A Boost to Wages, but a Rise in Unemployment: Conflicting News Amidst Economic Uncertainty
A Boost to Wages, but a Rise in Unemployment: Conflicting News Amidst Economic Uncertainty.
As Britain edges closer to its exit from the EU, the uncertainty surrounding the future of the UK economy has left its mark on the labour market. Amidst confusion in parliament, one or two equally surprising trends have been revealed across the employment sector.
Newly released figures suggest UK wage growth has reached 11-year high over the first 6 months of the year. The latest labour force survey shows that basic pay recently grew by 3.9%, representing the biggest jump and fastest increase in wages since 2008 – over a decade ago. This has come as a relief for workers, as it suggests Brexit uncertainty isn’t necessarily hitting pay packets just yet. Whilst undoubtedly good news, it doesn’t paint the whole picture, as a shrinking economy and threat of no-deal Brexit also leaves its mark.
Whilst the good news represents a significant boost, unemployment rates has also increased. The boost to wages has been offset by reports that unemployment has risen to 1.3 million, an increase of 31,000 in the second quarter of 2019, and that the UK economy has continued to shrink. Figures indicate that the UK’s economy shrank in the second quarter of the year by 0.2%; the first such contraction since 2012. UK economist at Capital Economics Andrew Wishart said ‘Demand for workers has cooled on the back of softer economic activity.’
Pawel Adrjan, UK economist at the global job site Indeed, commented: “This snapshot of the UK labour market is very much a tale of two halves. Unemployment has risen, but for those in work, pay-packets are swelling nicely – average wages are rising at their fastest level for more than a decade.” (https://www.ig.com/uk/news-and-trade-ideas/uk-unemployment-rate-rises–while-wage-growth-hits-11-year-high-190813)
So what’s behind the increase in wages? In real terms, after adjusting for inflation, regular pay is estimated to have increased by 1.9%. Matt Hughes from the ONS deputy said, “excluding bonuses, real wages are growing at their fastest in nearly four years, but pay levels still have not returned to their pre-downturn peak.” Part of the reason for the rise was the unusual timing of annual pay rises for public health workers last year, when a larger-than-usual increase was deferred until July.
Adding to the confusion is the almost contradictory reports suggesting that during the same time, the employment rate has reached its joint highest level since 1971. According to data from the Office of National Statistics (ONS), the employment rate across the UK has hit 76.1%. With economists poring over the reasons and implications, it seems this extra revelation could be a little misleading. According to ONS figures, the increase in UK employment to a record high of 32.8 million in the second quarter of the year was driven primarily by a sharp rise in the number of part-time jobs, indicating that those in full-time positions actually fell.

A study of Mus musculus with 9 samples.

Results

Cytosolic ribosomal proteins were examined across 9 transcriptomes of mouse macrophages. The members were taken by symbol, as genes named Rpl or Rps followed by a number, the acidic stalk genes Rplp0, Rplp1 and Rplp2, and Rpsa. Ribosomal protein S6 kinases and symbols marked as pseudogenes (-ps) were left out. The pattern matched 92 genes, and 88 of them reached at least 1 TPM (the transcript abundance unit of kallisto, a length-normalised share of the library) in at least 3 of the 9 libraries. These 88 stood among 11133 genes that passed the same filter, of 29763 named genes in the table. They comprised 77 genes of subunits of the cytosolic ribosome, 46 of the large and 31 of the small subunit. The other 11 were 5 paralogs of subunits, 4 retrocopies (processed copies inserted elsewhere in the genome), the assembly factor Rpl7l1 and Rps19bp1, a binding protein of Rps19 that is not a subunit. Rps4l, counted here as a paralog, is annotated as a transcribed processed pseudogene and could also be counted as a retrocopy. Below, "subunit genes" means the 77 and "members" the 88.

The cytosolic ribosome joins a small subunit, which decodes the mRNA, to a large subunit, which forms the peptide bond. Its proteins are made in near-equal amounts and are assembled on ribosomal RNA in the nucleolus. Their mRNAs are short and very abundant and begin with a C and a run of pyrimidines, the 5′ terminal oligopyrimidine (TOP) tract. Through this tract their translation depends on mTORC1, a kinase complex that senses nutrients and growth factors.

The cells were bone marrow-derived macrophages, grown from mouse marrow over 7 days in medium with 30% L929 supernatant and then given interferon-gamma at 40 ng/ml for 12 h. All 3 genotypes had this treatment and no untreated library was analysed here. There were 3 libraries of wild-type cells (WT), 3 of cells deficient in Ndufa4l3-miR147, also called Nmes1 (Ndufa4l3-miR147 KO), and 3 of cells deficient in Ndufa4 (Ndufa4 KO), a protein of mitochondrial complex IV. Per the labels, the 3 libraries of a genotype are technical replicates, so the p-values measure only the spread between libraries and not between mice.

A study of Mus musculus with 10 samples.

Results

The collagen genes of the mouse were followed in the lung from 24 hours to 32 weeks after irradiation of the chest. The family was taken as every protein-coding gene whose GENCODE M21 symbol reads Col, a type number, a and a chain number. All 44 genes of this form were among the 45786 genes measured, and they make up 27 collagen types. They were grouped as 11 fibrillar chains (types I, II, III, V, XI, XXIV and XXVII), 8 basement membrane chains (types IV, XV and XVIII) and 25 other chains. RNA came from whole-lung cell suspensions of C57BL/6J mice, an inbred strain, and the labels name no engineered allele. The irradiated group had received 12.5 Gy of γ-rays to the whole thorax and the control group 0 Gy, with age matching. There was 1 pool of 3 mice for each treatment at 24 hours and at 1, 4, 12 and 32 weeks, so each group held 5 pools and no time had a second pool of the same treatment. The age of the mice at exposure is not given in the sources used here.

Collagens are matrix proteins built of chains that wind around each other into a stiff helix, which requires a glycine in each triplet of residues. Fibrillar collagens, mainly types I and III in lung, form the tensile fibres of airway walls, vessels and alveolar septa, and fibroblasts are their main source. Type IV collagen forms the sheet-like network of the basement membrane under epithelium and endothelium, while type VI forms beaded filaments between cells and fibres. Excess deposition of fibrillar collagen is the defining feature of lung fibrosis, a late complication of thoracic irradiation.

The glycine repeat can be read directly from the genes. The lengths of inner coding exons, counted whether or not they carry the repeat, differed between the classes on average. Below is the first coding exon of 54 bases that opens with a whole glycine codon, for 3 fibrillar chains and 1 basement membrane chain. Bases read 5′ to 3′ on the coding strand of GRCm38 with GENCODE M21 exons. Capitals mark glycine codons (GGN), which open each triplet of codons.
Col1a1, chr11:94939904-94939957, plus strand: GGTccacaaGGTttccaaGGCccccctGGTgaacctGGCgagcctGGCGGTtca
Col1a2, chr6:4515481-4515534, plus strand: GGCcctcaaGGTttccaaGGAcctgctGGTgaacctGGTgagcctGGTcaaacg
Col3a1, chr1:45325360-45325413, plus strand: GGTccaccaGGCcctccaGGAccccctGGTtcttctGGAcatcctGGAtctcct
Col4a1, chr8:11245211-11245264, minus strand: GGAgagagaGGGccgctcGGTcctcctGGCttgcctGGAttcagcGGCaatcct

Figures don’t necessarily point to a healthy economy, with some economists suggesting the UK labour market is reaching a turning point. “The labour market appears to be reaching a turning point, with unemployment no longer falling, the number of job vacancies no longer increasing and companies and workers deterred from bigger employment decisions by Brexit and global uncertainties,” Economist at the National Institute of Economic and Social Research Arno Hantzsche said.
“As more workers have been snapped up elsewhere, firms have found it harder to fill their openings. While competition has pushed up salaries, thin margins and low productivity may set a ceiling for pay growth. Although vacancies remain high by historic standards, the number has been dropping since the start of the year.”
With impending economic uncertainty and a political climate changing by the day, the British labour market could actually be reaching its peak. ‘With investment in machinery and technology often deemed too risky right now, businesses have sought to bring on board more staff to help lift output,’ Chief economist at the Institute of Directors Tej Parikh said. “The total number of vacancies continues to slide further from the peak it reached at the start of the year, suggesting more employers are holding off on hiring.”
Much of the economic forecast in the climate of Brexit is unpredictable and more difficult than under normal circumstances to interpret. Whist representing little more than a snapshot, one which will no doubt twist and shift over the coming months, it’s an insight that provides a glimmer of hope amidst political and economic uncertainty.
Ian Stewart, chief economist at Deloitte (https://www.bbc.co.uk/news/business-49328855), said: “The days of sharply falling unemployment are behind us, but a tight labour market points to further gains in wages and spending power. Despite a second quarter decline in growth, the UK economy still has momentum.”